News Americas, WASHINGTON, DC., Fri. July 21, 2017: Only one week away from a broader government-sponsored Jamaican Diaspora Conference to be held in Kingston, July 23-25, 2017, the issues discussed at the NAJASO 40th Convention held in Montego Bay, Jamaica recently, set the stage for broader Diaspora discussions and problem solving.
The level of discussions set a very high bar for the Diaspora. The discussions at the NAJASO Conference set an extraordinarily high standard for identifying the issues, analyzing their impact, and offering some relevant solutions in which the Jamaican Diaspora can play a significant role. These discussions, part of a very packed program of activities, covered some of the most topical issues important to Jamaica and the Diaspora communities. They included the following:
1: Crime, violence, and international security – explored ways in which Diaspora expertise can be marshaled to support the Jamaican government in crime intervention and prevention programs. This discussion was led by Ambassador Curtis Ward and Captain Dr. Rupert Francis, head of the Jamaican Diaspora Crime Intervention & Prevention Task Force (DCIPTF). Attendees at the Conference, many of whom are practitioners in areas related to crime and violence as well as social and economic related issues, had much to offer in terms of possible courses of action for the Jamaican government in dealing with law enforcement, security, and underlying social and economic issues – which create conditions conducive to recruitment to criminal activity.
The DCIPTF is comprised of close to 1,000 Jamaicans in the diaspora with law enforcement, security, intelligence, and related expertise across a broad spectrum of crime and violence prevention, and security issues. These, primarily, are individuals who have decades of experience at every level of professional participation at local, State, and Federal levels in the United States in dealing with crime, security and intelligence. Most importantly, DCIPTF has brought together Jamaicans who have a strong desire to help the people and government of the Jamaican homeland and are offering their expertise to help solve these and related issues.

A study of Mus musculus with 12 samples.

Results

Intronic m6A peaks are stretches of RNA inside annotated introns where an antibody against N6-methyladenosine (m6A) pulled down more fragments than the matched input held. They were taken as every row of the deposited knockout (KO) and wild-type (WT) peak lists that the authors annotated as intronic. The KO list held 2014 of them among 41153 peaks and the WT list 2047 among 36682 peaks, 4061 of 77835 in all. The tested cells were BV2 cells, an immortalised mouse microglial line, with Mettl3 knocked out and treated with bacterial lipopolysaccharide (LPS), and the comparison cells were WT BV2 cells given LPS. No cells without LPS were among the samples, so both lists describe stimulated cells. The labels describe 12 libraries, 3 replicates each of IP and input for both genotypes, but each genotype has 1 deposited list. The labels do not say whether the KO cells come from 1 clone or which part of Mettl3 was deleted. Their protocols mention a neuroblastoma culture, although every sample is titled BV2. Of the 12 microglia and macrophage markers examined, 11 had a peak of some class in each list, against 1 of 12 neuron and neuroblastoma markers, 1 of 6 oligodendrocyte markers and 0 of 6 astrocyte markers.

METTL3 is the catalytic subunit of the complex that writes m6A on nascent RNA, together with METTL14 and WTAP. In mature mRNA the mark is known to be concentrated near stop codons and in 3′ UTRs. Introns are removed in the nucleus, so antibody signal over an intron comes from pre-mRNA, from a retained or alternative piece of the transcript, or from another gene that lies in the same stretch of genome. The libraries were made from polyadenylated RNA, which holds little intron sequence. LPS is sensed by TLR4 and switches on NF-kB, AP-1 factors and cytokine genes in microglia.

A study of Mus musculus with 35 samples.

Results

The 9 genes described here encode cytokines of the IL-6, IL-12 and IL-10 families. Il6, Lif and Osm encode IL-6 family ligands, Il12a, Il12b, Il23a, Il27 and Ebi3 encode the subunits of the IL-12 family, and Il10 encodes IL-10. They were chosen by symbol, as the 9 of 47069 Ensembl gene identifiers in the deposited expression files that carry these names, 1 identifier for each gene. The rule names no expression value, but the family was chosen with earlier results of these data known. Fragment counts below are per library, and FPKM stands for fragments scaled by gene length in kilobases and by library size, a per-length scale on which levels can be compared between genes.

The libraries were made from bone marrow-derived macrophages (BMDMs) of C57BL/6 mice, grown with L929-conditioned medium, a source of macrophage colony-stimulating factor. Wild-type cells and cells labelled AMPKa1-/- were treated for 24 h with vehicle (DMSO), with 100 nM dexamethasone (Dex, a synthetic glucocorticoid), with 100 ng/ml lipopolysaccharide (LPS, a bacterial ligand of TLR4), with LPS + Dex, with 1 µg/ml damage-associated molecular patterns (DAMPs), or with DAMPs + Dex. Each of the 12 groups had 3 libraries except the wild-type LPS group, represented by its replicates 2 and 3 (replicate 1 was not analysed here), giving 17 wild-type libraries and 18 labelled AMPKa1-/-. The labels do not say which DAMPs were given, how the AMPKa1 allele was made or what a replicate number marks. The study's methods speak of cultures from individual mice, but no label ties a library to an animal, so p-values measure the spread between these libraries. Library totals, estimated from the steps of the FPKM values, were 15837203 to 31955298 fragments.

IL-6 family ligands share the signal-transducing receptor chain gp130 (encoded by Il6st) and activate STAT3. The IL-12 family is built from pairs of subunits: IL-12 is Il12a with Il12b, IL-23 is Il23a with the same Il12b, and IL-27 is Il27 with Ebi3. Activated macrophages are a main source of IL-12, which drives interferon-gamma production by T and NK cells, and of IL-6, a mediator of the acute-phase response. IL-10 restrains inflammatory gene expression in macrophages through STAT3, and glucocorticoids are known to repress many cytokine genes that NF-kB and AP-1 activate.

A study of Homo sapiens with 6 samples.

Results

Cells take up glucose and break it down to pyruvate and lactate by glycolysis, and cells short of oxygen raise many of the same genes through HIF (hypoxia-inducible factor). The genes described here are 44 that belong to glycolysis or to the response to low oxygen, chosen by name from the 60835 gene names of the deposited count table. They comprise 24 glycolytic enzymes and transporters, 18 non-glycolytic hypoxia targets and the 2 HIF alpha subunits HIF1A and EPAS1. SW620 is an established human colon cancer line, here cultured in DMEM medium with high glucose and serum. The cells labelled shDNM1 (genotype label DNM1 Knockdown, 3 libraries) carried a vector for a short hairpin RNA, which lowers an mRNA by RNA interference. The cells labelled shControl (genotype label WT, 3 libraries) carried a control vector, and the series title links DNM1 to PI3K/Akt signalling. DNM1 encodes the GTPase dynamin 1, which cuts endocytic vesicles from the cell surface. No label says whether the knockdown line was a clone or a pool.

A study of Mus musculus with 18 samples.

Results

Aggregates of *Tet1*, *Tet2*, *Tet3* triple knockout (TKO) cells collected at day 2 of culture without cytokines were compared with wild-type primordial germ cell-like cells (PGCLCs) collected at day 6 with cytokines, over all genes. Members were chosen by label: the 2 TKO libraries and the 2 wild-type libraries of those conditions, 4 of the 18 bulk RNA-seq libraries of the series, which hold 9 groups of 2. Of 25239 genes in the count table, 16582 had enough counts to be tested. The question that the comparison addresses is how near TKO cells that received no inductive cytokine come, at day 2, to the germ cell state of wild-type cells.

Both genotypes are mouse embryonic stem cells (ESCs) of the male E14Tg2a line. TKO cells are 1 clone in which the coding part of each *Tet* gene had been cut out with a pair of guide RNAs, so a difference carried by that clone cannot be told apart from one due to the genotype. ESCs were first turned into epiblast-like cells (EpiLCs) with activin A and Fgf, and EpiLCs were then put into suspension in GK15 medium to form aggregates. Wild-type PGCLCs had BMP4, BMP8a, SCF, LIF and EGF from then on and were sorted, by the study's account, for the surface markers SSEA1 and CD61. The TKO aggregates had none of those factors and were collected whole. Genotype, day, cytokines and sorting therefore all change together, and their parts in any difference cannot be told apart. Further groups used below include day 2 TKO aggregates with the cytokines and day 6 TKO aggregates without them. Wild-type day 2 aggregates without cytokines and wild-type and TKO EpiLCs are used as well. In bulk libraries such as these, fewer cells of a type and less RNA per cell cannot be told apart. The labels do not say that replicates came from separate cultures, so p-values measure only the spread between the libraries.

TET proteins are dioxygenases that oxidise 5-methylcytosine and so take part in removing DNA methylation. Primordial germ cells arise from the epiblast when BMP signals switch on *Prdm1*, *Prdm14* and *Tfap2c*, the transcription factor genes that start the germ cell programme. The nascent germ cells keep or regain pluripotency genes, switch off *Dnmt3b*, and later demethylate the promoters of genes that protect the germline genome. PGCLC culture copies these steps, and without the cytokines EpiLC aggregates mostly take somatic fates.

2. Immigration seminar – offered valuable information to Diaspora members on issues affecting them and their families in the United States, as well as family members who are potential migrants. The wrongful deportation of some Jamaicans with claim to citizenship by descent were highlighted, and immigration attorneys Joan Pinnock and Franklyn Burke offered possible remedies to these illegal deportations. The indiscriminate nature of deportation being carried out under President Donald Trump’s administration affects the U.S.-based Jamaican Diaspora community as it does all other immigrant communities.
3. Other seminars discussed topical issues on Education; Tourism; and Business, in particular, “The Role of Business and Finance in Sustainable Development.” There was a Health Symposium in which panelists were drawn from the Jamaican Diaspora, as well as from Jamaica, covering a broad range of health-related issues affecting the Jamaican population, while offering some possible solutions.
4. A very lively Young Professionals Forum featured the Hon. Floyd Green, Minister of State in the Ministry of Youth, Education & Information and a number of young professionals from the U.S.-based Jamaican Diaspora, as well as from Jamaica. The enthusiasm of Jamaican Diaspora young professionals to engage in problem solving and service to Jamaica, both Diaspora based young professionals and young professionals at home was quite evident. Their challenge to the government of Jamaica is how to engage them in a meaningful way.
It was a recurrent theme at the Convention that successive Jamaican governments have not established a mechanism to effectively engage the expertise of the Jamaican Diaspora.
EDITOR’S NOTE: Ambassador Curtis A. Ward, B.A., J.D., LL.M., is an attorney and international consultant, and Adjunct Professor in the Homeland Security Graduate Program at the University of the District of Columbia. As former Ambassador of Jamaica to the United Nations he served two years on the U.N. Security Council. He was Expert Adviser to the UN Counter-Terrorism Committee for three years. He specializes in terrorism/counterterrorism legal and policy frameworks; anti-money laundering and countering financing of terrorism (AML/CFT); sanctions implementation; crime and security; human rights, rule of law and governance.